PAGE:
Saudi Arabia is planning to create nearly 160,000 jobs for its citizens in the private sector within a long-term strategy intended to tackle a festering unemployment problem and replace foreigners with nationals.
Saudi officials said the strategy includes a two-year plan, a medium-term scheme for three years and a long-term plan stretching for 20 years.
Quoted by local newspapers this week, the officials said the target of the first plan, staring in 2011, is to bring unemployment in the Gulf Kingdom under control while the second phase is to reduce the joblessness rate.
“The third long-term stage is designed to upgrade the competitiveness of the Saudi economy relying totally on the national human resources,” said Fahd bin Saleh Al Khuraisi, public relations director at the Saudi Ministry of Labour.
“Our first target is to get nearly 160,000 jobs for Saudis in the private sector…we are currently conducting studies to improve wages for Saudis in the private sector to encourage them to take up jobs in this sector.”
Khuraisi said the Labour Ministry is working on the strategy with the help of other government departments, including the Ministries of Education, Finance, Industry and Trade, Economy and Planning, and Social Affairs as well as chambers of commerce and industry, investment funds and other parties.
“We want to ensure that enough jobs are created for Saudis and create a balance between the number of those who enter and exit the labour market……this means we need 160,000-180,000 jobs annually.”
Khuraisi’s comments followed reports last month that more than 147,000 Saudi workers in the private sector quit their jobs in 2009 because of low salaries.
The report by the Ministry of Labour also showed that nearly 829,200 foreign workers were recruited in the same year.
From 829,100 at the end of 2008, the number of Saudi workers in the private sector plunged by nearly 17.8 per cent to 681,500 at the end of 2009.
In contrast, expatriate workers in the sector grew by around 15.2 per cent from 5.4 million to 6.2 million in the same period.
“Most of the Saudis who lost their jobs last year were males, accounting for nearly 97.7 per cent or an estimated 144,500 men,” said Abdul Hameed Al Umari, a member of the Saudi Economic Association.
“What complicates the problem is the absence of a law setting a minimum wage for workers…this is encouraging private sector establishments to give priority to expatriate workers as they are paid much less.”
His figures showed the decline in the Saudi employees in the private sector depressed the total wages paid to them by nearly 28 per cent from around SR36.8 billion in 2008 to SR25.7 billion in 2009.
Despite the increase in the number of foreign workers, wages to them fell by around 12.5 per cent4 from SR65.2 billion to SR57 billion in the same period.
He said the decline was a result of lower salaries to the expatriate workforce, adding that this shows the private sector is violating its commitment to Saudization (nationalization) of jobs despite growing government incentives.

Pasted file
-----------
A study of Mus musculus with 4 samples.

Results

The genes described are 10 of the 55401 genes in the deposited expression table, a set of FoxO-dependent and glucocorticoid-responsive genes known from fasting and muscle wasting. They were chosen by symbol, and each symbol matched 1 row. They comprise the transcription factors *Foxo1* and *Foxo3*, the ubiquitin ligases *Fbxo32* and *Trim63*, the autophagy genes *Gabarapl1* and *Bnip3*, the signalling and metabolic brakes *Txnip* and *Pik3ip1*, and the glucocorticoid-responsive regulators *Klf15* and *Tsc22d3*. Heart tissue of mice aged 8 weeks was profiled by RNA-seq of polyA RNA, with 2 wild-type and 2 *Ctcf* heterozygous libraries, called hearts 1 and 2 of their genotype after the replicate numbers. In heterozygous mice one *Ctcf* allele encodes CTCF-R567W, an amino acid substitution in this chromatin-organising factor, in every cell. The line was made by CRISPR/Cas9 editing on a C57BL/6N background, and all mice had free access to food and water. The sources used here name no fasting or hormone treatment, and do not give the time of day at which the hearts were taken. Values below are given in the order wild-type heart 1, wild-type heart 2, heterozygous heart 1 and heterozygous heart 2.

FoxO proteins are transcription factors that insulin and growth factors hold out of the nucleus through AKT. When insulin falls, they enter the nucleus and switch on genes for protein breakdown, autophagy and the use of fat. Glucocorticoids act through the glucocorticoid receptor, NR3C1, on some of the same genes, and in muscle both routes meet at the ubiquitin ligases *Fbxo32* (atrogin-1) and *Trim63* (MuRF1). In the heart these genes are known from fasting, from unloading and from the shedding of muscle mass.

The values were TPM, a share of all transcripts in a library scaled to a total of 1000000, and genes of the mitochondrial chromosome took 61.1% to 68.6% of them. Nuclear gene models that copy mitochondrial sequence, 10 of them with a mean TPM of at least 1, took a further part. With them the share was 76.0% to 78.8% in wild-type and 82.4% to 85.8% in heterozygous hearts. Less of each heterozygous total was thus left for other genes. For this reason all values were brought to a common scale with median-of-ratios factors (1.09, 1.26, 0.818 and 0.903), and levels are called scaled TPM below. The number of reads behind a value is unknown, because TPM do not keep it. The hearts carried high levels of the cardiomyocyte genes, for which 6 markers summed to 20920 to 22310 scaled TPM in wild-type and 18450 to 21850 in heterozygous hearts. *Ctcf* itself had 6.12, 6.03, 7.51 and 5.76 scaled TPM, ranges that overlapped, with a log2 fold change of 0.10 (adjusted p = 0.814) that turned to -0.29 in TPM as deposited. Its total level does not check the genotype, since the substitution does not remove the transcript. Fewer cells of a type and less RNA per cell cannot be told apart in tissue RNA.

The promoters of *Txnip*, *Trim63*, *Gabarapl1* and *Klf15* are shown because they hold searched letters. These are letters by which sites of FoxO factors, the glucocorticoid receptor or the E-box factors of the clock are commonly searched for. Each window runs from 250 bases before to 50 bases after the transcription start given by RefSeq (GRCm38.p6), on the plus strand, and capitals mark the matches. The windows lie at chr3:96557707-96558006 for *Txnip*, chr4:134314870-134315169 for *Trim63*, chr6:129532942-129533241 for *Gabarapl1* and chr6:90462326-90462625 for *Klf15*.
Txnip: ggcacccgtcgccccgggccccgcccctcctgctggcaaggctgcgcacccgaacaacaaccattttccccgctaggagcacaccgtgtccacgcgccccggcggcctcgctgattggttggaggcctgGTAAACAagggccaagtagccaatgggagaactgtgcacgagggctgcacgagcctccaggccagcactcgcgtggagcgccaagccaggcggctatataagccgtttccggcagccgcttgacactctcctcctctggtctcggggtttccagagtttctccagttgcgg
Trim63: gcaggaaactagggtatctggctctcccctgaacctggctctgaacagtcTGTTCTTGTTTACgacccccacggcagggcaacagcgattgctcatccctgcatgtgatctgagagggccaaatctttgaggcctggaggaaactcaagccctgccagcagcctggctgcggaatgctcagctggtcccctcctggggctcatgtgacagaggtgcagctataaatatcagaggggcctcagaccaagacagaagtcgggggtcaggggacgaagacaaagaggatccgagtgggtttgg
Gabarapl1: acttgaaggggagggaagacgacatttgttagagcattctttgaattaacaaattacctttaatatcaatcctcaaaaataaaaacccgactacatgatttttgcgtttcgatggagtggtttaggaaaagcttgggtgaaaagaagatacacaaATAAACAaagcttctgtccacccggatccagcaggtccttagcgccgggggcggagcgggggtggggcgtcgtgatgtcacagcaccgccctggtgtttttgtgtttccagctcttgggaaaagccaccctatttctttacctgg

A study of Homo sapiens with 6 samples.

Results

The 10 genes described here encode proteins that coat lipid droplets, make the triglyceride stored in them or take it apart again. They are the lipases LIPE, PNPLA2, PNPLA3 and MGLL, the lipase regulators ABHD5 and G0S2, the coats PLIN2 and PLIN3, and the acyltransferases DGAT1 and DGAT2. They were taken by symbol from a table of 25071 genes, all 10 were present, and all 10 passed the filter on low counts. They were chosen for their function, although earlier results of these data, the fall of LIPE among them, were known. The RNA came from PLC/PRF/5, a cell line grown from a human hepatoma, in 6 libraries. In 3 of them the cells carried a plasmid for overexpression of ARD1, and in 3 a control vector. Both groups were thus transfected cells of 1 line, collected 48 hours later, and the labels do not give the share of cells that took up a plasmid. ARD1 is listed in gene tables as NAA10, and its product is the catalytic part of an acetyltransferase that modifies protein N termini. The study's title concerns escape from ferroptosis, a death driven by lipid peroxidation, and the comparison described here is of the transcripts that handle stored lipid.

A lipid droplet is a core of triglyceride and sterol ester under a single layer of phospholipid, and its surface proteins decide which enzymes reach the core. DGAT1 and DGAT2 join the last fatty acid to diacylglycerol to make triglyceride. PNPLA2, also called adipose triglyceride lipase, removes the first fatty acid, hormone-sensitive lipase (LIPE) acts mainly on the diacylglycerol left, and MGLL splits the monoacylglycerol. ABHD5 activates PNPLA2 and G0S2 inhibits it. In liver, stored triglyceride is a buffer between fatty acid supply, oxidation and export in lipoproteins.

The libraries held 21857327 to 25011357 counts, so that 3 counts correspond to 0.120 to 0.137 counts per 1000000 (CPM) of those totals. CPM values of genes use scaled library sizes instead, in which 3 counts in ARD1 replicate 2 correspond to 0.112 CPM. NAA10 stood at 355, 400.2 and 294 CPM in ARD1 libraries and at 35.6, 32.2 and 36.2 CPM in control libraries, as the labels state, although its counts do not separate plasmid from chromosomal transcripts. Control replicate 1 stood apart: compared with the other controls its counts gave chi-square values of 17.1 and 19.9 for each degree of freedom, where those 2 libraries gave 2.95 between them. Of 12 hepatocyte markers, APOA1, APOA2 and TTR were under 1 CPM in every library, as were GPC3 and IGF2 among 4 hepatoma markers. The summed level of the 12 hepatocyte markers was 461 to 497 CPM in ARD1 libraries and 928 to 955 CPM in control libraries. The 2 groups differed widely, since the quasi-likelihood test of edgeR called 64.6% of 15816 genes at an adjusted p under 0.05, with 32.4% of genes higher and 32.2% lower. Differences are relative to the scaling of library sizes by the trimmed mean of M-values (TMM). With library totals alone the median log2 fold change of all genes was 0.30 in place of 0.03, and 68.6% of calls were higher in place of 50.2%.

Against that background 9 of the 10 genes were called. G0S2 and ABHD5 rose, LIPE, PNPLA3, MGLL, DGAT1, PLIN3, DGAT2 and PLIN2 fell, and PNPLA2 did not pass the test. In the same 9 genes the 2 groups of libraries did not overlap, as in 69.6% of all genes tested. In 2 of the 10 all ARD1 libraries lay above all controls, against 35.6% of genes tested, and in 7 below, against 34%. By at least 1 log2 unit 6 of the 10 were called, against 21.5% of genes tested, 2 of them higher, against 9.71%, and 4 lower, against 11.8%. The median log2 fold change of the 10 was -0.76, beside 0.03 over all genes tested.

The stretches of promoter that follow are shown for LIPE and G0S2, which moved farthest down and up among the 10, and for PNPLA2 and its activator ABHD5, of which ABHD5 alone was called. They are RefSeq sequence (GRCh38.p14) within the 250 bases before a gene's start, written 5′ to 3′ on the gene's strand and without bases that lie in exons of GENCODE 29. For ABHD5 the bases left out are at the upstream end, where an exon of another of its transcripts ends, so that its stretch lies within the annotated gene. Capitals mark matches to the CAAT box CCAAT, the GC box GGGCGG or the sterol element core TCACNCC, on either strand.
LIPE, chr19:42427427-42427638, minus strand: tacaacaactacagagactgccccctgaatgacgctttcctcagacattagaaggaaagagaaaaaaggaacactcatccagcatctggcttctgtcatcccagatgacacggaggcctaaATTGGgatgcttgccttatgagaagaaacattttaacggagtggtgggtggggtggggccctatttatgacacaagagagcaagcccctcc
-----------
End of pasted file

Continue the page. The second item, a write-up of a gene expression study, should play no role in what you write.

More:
“The report which was published by the Ministry of Labour this week is horrifying…the problem is no longer that of laying off but sacking of nationals despite repeated warnings that this is only leading to worsening of unemployment among citizens, which in turn leads to instability and to starvation of nationals,” Al Riyadh Arabic language daily said in an editorial.
“It is time that the government uses its strong arm to tackle this problem…it should act by raising fees imposed on private sector employers for recruitment of foreigners so they will have no choice but to hire nationals…the situation has become unbearable and this should prompt all state establishments to act before it is too late and before this unemployment time bomb explodes.”
Saudi Arabia, the world’s largest oil exporter, is suffering more from unemployment than other Gulf oil producers given its large population and the slowdown in its economy in some years.
As the public sector has become redundant, the government has sought help from the private sector to create jobs for Saudis.
Citing figures by the Ministry of Labour, a key Saudi bank said the Kingdom’s unemployment rate edged up to around 10.5 per cent in 2009 from 10 per cent in 2008 because of what it described as tightened market conditions.
“Private sector firms favour non-Saudi employees, who comprised about 90 per cent of the workforce in 2008, up from 87 per cent in 2006-2008,” Banque Saudi Fransi said in a study sent to Emirates Business.
“Saudi Arabia’s unemployment rate reached 10.5 per cent in 2009, up from 10 per cent a year earlier, as market conditions tightened…. data from the Ministry of Labour indicate the number of foreigners hired by the private sector is nine times higher than that of Saudis.”
According to BSF, foreigners employed in the private sector earned SR764 on average, while Saudis’ pay stood at as high as SR3,137 per month.
“The huge divergence in salaries between Saudis and non-Saudis is obvious and without administrative measure taken the gap will always favor the non-Saudi wage earners,” said John Sfakianakis, Chief Economist at BSF.
He revealed that despite the global fiscal crisis, remittances by Saudi-based expatriates surged 20.3 per cent in 2009 from the year earlier to SR94.5 billion.
Between 2005 and 2009, money remitted home from workers in the kingdom jumped 84 per cent, in keeping with a notable jump in the number of new work visas issued, according to Sfakianakis.